Matt Kuchar thrived in tough conditions at the Memorial that sent Tiger Woods to the worst nine holes of his U.S. PGA Tour career on Saturday.
Kuchar survived a nasty combination of swirling wind and fast greens at Muirfield Village for a 2-under 70, giving him a two-shot lead over Kevin Chappell and Kyle Stanley going into the final round.
”It was a bit of survival,” Kuchar said. ”I was fortunate to make a handful of birdies. I think anytime you make a birdie in these conditions, you feel like you’re really up on the field here. Most of these holes, you’re looking at just getting out with a par.”
Woods didn’t get away with anything.
Going for his sixth win at the Memorial, and his fourth victory in his last five tournaments, Woods had two double bogeys and a triple bogey on the back nine for a 44, breaking by one shot his highest nine-hole total as a pro. And he made that without a penalty shot.
”The conditions were tough and when I missed it cost me,” Woods said through a tour media official. ”I caught the wrong gusts at the wrong time, made a couple bad swings and all in all, it just went the wrong way.”
He wound up 16 shots out of the lead. Woods will tee off late Sunday, but on the opposite side of the course in the two-tee start because of weather.
The tournament was happy just to complete 54 holes with mid-afternoon storms that avoided Muirfield Village.
Kuchar was at 8-under 208, among 10 players separated by only four shots.
Bill Haas, the 36-hole leader, ran off three straight bogeys late in his round for a 76, and he wasn’t all that upset about it. Haas was still only three shots back, and it wasn’t hard to determine that par was a good score.
That’s what made Chappell’s round so impressive – a 68 to match the low score of the third round, his only bogey on the par-5 11th hole when he drove out-of-bounds, and his second tee shot nearly did the same.
Like so many other players, Chappell wasn’t sure which way the wind was blowing. On the 14th hole, with a wedge in hand from 105 yards, he felt the wind coming into him from the right, yet the flag was blowing in the opposite direction.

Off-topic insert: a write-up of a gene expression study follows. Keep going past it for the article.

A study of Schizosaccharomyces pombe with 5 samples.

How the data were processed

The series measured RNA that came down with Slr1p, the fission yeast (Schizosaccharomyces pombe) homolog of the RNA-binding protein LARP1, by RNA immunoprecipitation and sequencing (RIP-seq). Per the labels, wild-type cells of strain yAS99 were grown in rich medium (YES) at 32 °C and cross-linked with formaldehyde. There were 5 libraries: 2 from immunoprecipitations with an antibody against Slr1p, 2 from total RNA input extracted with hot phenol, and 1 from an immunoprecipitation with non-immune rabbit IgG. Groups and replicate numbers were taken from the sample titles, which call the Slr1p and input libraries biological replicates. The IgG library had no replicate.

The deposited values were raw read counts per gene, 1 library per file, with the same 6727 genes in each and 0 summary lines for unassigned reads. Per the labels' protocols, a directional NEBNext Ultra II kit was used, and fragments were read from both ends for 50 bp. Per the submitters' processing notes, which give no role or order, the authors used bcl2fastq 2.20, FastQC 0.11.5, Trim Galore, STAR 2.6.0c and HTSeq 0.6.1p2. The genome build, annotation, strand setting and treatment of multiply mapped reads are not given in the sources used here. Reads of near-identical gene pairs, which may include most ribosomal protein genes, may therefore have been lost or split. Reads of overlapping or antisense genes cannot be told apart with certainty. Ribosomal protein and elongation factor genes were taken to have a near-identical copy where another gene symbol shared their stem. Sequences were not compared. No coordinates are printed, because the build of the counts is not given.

”I kept saying, `Wow, this is tough here.’ You hit a good shot and end up in a bad spot,” Chappell said.
Past winner Justin Rose had a 71 and joined Haas and Matt Jones (70) at 5-under 211. Masters champion Adam Scott had a 69 and was in the group at 4 under that included Charl Schwartzel, who was within one shot of the lead after completing the second round in the morning. The South African bogeyed both par 5s on the back nine and took double bogey on the 14th. He had a 41 on the back for a 76.
That was still better than Woods, whose round was somewhat of a mystery – not only because the world’s No. 1 player was in great form coming into a course where he has won five times, but because he was in good position off the tee. Woods, who started the round on No. 10, missed only one fairway on the back nine.
He took double bogey on the par-3 12th when he was in such a bad spot in the front bunker that he had to play out sideways to the wrong side of a long green, and then he three-putted. On the par-5 15th, he pulled his second shot well to the left, and then took two chips to get onto the putting surface only for the ball to run through the green. He really was fooled on the 18th, with a chip that spun back down the hill and a three-putt from short range.
He had three birdies on the front nine to avoid his worst score as a pro. That was an 81 at another Muirfield – the real one – in the third round of the British Open that cost him his best shot at the calendar Grand Slam in 2002.
Kuchar surged into the lead with two birdies on the front nine and didn’t drop a shot until the ninth hole, when he missed the green to the left. The wind got him on the 15th when his high fairway metal drifted beyond the bunker and into a hazard that Kuchar didn’t know existed, leading to bogey.
He saved par with a 10-foot putt on the par-3 16th, and made regulation pars coming in to give himself the 54-hole lead for the second straight week. He also was atop the leaderboard at Colonial, only to finish second to Boo Weekley.
”If you’re not on good form, these conditions are really going to beat you up,” said Kuchar, the Accenture Match Play winner in February. ”If you’re not hitting the ball solid, you don’t have a chance.”
Rory McIlroy had a 75, and part of him was happy to do that. He was safely inside the cut line when he returned in the morning to finish his round, and he birdied the 15th hole. He followed with back-to-back bogeys, and then came up short of the green and had to get up-and-down to avoid missing the cut. He made a 4-foot par save.